PACIFIC BEAT BY FOREIGN AFFAIRS REPORTER STEPHEN DZIEDZIC
Rising seas, devastating cyclones, ferocious storm surges.
- Island markers used to set boundaries between nations may eventually be underwater
- There are already several contested borders in the Pacific
- Maritime boundaries determine who has the right to Pacific fisheries
Scientists have long predicted climate change could pose an existential threat to the tiny island nations which dot the Pacific.
But it's not just the region's natural geography in peril — its political geography could be endangered as well.
Pacific leaders are worried rising seas could wreak havoc with maritime boundariesthroughout the region.
Now Pacific officials and experts have gathered to try to come up with an answer to a difficult question:
What will they do if the markers they've used to trace sweeping boundaries across vast stretches of ocean slowly disappear beneath the waves?
What's the problem?
Most Pacific Islands might only be tiny specks of land, but they're the custodians of vast oceans.
The nation of Tuvalu, for example, is made up of a string of tiny atolls which are only 26 square kilometres in total.
But its ocean territories cover more than 900,000 square kilometres — slightly larger than the state of New South Wales.
The Cook Islands add up to 600 square kilometres of dry land, but it oversees a vast ocean territory of about 2 million square kilometres.
Determining who owns what in this huge aquatic realm hasn't been easy.
Maritime boundaries are normally pegged to isolated shards of land — islands, atolls, reefs and rocks which barely poke above sea level.
But Josh Mitchell from the Ministry of Foreign Affairs in the nation of Cook Islands says his nation is worried rising seas could soon swamp many of these crucial markers.
"A warming climate means melting polar caps. And the consequence of that is sea level rise," he said.
"You generate these maritime jurisdiction areas from areas of land. If you lose that land does that consequently mean you lose the maritime jurisdiction that is generated from it?
"That's the question we're looking at."
He's not the only one asking.
There's more at stake here than just water
The economic consequences are very real.
Maritime boundaries determine who has the right to Pacific fisheries worth more than $3 billion — a huge sum for a region with few sources of income.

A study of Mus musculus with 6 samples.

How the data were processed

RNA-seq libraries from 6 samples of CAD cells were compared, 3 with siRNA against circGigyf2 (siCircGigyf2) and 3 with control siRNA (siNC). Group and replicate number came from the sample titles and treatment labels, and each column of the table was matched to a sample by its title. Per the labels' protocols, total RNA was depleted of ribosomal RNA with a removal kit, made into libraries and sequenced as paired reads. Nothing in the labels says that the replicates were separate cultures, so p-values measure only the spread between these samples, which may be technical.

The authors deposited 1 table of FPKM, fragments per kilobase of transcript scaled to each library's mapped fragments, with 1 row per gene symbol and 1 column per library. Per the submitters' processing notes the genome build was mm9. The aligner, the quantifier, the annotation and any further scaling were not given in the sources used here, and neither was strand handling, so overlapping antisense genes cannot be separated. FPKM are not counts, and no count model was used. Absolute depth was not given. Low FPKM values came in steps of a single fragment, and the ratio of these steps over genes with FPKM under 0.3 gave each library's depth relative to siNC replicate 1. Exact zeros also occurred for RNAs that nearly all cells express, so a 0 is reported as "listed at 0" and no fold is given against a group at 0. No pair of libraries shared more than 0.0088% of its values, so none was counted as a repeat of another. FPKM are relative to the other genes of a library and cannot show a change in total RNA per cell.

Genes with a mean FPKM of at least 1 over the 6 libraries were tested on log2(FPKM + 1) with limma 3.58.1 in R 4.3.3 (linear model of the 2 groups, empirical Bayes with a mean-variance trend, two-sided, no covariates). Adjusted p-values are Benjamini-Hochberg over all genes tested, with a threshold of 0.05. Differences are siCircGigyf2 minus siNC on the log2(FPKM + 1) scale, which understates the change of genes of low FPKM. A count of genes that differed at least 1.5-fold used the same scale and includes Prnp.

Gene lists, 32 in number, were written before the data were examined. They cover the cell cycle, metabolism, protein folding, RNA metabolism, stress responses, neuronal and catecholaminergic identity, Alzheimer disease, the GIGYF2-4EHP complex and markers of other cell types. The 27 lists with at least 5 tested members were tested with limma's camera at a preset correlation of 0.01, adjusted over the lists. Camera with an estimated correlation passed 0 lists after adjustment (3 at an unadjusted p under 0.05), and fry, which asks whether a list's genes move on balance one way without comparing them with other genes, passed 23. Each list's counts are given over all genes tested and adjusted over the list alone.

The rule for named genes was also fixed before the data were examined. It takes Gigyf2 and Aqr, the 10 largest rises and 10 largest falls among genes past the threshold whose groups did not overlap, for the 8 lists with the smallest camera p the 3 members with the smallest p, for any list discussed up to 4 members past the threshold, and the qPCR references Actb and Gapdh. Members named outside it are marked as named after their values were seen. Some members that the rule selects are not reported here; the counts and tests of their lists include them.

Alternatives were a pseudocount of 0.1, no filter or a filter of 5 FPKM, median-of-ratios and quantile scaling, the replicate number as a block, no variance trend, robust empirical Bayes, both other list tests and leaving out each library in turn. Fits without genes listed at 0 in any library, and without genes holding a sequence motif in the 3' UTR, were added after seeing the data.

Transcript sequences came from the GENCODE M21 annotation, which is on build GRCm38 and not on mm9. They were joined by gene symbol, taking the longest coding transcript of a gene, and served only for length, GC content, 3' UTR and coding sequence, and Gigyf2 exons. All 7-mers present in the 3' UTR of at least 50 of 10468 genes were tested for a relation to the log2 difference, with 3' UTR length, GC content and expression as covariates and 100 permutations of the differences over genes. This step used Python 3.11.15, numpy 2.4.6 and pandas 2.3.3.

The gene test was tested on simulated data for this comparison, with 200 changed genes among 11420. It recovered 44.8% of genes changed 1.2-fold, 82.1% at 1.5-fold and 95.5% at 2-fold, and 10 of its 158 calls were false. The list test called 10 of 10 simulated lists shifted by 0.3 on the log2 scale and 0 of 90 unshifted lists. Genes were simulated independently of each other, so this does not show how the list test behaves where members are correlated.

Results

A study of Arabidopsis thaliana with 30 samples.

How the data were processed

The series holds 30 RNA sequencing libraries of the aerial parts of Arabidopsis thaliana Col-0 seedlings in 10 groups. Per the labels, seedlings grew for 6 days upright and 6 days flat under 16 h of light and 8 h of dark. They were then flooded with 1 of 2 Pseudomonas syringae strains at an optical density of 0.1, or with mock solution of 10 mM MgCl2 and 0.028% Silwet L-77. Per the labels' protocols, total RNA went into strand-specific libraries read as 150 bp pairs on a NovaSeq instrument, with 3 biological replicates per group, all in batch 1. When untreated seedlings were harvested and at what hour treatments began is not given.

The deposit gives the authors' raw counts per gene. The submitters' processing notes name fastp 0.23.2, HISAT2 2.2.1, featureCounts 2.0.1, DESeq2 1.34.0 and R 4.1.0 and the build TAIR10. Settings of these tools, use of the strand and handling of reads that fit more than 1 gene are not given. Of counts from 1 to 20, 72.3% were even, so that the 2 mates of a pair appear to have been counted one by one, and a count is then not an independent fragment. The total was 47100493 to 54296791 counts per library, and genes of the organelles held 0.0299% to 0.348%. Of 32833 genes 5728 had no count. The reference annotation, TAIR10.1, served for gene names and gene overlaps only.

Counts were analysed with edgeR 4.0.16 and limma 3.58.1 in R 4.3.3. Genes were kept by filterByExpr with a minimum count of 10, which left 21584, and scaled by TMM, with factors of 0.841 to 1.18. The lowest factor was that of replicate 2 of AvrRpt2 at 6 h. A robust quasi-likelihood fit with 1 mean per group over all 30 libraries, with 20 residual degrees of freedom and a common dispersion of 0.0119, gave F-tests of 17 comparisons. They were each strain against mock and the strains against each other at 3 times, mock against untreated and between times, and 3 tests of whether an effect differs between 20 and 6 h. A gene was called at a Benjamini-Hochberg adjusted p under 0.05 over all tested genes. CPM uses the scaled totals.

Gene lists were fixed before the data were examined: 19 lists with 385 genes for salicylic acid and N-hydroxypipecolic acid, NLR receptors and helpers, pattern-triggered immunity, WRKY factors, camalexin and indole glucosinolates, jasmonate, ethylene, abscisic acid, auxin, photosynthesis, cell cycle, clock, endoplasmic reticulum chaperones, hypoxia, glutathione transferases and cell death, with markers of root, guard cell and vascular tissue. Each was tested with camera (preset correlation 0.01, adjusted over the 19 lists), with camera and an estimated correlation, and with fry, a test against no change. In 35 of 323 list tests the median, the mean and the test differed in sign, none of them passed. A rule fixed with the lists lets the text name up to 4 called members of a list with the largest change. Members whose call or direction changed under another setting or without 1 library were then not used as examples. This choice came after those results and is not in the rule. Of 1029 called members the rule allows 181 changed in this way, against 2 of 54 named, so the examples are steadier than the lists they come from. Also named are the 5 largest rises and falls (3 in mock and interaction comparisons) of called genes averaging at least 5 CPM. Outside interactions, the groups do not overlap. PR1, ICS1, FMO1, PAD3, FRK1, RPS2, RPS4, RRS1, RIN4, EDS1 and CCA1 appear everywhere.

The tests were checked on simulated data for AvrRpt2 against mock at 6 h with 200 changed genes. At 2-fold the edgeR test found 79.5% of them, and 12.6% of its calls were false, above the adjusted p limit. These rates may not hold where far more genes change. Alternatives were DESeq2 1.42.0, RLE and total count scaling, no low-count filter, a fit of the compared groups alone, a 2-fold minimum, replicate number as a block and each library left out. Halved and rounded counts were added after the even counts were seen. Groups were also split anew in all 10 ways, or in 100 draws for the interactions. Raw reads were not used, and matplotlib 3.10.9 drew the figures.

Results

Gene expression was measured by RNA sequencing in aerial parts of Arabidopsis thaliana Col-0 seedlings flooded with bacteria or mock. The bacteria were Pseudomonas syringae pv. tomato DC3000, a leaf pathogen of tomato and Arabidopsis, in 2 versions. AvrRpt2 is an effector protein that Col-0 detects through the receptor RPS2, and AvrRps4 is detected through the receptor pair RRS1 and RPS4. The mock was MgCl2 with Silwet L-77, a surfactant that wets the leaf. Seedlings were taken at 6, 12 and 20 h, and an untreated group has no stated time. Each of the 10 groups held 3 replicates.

It is not the first time Pacific nations find themselves at the pointy end of a global problem, and mapping out a solution will take years, not months.
Mr Mitchell is optimistic about the future, but says the region must hammer out a lasting and peaceful solution.
"There's no question that economically and comparatively speaking we have far more to lose than most other countries," he said.
"There's a lot more riding on it for us. That's why we're here. We need to work this out."
The existing laws are old
Mr Mitchell is one of 63 officials and experts from around the Pacific who have gathered at Sydney University this week to discuss the issue.
It's a modest meeting, but it could mark a seminal moment in the Pacific.
While technical experts and scientists in the region have had detailed discussions about maritime borders and climate change, this is the first time officials have begun the laborious process of sketching out a political solution.
And they're working on a canvas which is largely blank.
The foundation document for the current maritime boundaries — the United Nations Convention on the Law of the Sea — was written in 1982, when the prospect of rising seas seemed distant.
"The law of the sea didn't really contemplate climate change or sea level in any meaningful way," Mr Mitchell said. "It is largely silent."
Why don't they freeze the current boundaries?
That's certainly one option. The nations could agree to simply fix existing survey points on the map — even if they do disappear under water in the future.
But there are also several contested borders in the Pacific.
Predicting how climate change will affect those negotiations is difficult.
Some Pacific leaders might spot an advantage in the shifting seascape which might help them to press their claims.
Experts say it will be easier for politicians to resist that temptation if the whole region can come up with a set of principles to govern how governments deal with an increasingly fluid map.
The talks at Sydney University have been organised by the Pacific Community, which provides technical and scientific advice to countries across the region.
Its deputy director-general, Dr Audrey Aumua, says she hopes Pacific leaders will prize collaboration over contestation.
"The spirt with which the Pacific has worked to achieve the current goals of maritime boundaries success has been the principle of cooperation," she said.
"I think for the Pacific this is an important principle, and I think they'd maintain that."